A Rose That Has Only Begun to Bloom
April 4, 2008
SAN ANTONIO (AP) - There is no shortage of cautionary tales in the neighborhood where Derrick Rose grew up.
"It's surprising that a little kid from Englewood, the South Side of Chicago, would come this far," Memphis' savvy freshman guard marveled one more time Friday.
And perhaps go farther still.
Even as Rose perched on a stool inside the Tigers' locker room awaiting Saturday's Final Four matchup against UCLA, one of his good friends and fiercest competitors from the AAU basketball scene, Eric Gordon, reportedly has made up his mind to skip his sophomore season at Indiana and jump into the NBA draft.
Rose said they hadn't talked in the past couple of days, but added, "If he chooses to go, I'm right behind him."
Yet in the next breath, Rose made it clear he was simply supporting Gordon's decision, not necessarily announcing his intention to follow closely behind - even if some in college basketball expect it to happen right after the tournament.
It hasn't hurt Rose's stock that he's coming off arguably his best performances of the season in back-to-back games.
"I've still got three more years to go," Rose said a moment later, but he had to clarify that, too.
What he meant is that he COULD stay that long. What he knows for certain is how fortunate he's been to get this far already. The family that wrapped itself around him like a protective cocoon never lets him forget that.
Four years ago, when Rose enrolled at Simeon Career Academy, he was handed a book about a prep basketball legend named Benji Wilson. It has become mandatory reading for kids at the school.
Wilson was the best high school basketball player in the land in 1984, a 6-foot-8 blend of smarts and skills who led Simeon to the Illinois state title. One brisk November afternoon, while walking down a sidewalk outside the school with his girlfriend, Wilson bumped into two gang members and barely got out the words, "Excuse me," when one of them pulled out a gun and shot him. Wilson died the next day.
It's a measure of how much hope he inspired that all these years later, kids who weren't born when he was gunned down play in the Ben Wilson Memorial Gym and the best of the best still vie for the honor of wearing his No. 25 jersey. Nick Anderson, a teammate who went on to play at Illinois put the number on there and then wore it for the remainder of his pro career. NBA star Kevin Garnett, who arrived in Chicago for his senior year of high school in 1994, heard the story and began writing "BW" on his sneakers.
"I wore No. 25," Rose said quietly, then pushed back on the stool.
"For him to get shot like that, just outside of school, man ..." he added, then let his voice trail off.
Rose's oldest brother, Reggie, never stopped fretting about where Derrick was, or who was he hanging around with from the time Derrick was old enough to dribble a ball. Reggie was nine years old the day Wilson was shot, but the memory remains as vivid as ever.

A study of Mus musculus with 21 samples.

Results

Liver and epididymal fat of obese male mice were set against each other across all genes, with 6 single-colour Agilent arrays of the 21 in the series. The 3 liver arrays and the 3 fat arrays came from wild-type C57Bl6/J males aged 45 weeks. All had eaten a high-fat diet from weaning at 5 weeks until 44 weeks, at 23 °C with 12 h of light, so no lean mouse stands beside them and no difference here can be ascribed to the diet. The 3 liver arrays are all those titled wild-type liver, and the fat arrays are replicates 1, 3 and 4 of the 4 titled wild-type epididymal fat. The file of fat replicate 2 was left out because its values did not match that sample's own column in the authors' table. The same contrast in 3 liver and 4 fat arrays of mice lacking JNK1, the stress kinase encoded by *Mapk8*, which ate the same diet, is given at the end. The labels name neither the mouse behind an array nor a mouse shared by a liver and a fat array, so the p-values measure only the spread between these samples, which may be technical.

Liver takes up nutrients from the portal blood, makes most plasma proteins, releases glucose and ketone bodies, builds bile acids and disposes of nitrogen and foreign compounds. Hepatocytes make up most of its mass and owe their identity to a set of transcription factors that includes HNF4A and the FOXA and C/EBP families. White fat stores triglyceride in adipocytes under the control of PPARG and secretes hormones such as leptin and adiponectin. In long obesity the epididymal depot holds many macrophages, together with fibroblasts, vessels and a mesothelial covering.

"The three older brothers, we all went to Harper High, but everybody knew about Benji," recalled Reggie, still working on last-minute travel plans to bring the rest of the clan together in San Antonio for Saturday night's game. "Michael Jordan was just starting out with the Bulls, but back then, if you were a kid, what you hollered every time you put up a shot was 'Benji Wilson."
It's impossible to calculate how much time the Rose brothers invested in Derrick, one or the other always instructing him or keeping a watchful eye open for gangbangers, street agents and anybody else they thought could derail their little brother's future. Derrick hardly needed toughening up, but they made that part of the mission, too. Every practice session had to end with a made shot, and sometimes several, no matter what.
"I remember the time I cracked my elbow and Allan said I couldn't leave until I made some lay-ups with my left hand," Derrick said, smiling at the memory. "I was in sixth grade. He said I had to made six in a row. I was kind of mad at the time, but now I thank him for that every day."
UCLA coach Ben Howland might not know Rose's backstory, but he had little trouble spotting the toughness it produced.
"Because he's so strong, he can get wherever he wants to go," he said. "I saw one play against, I believe it was Texas, where he went up and grabbed the ball on a rebound on defense, two hands, way above the rim.
"It looked like Jason Kidd or Sidney Moncrief or something. Went coast-to-coast like a bull at the time, about three seconds, if that, to the other end and laid it in."
At times like that, Rose's game resembles that of his latest hero, LeBron James, whose No. 23 he asked to wear when he arrived at Memphis. But the resemblance extends only a little further, since at 6-3 and 195 pounds, he hasn't even filled out enough to look like James or the first No. 23 he idolized, Michael Jordan.
But from a leadership standpoint, his teammates see flashes of both NBA greats.
"He came in with a lot of hype. It didn't get to him at all," backcourt mate Chris Douglas-Roberts said. "He always tries to, you know, pump up his teammates and give all of his teammates the credit. We noticed that immediately.
"Being able to play with that much heart and that ability and still being a great teammate, it's hard for a freshman," Douglas-Roberts added, "but he made it look easy. It was an easier transition for him than I've seen for many freshmen."
Part of it, no doubt, has to do with where Rose hails from, where kids either grow up in a hurry or not at all.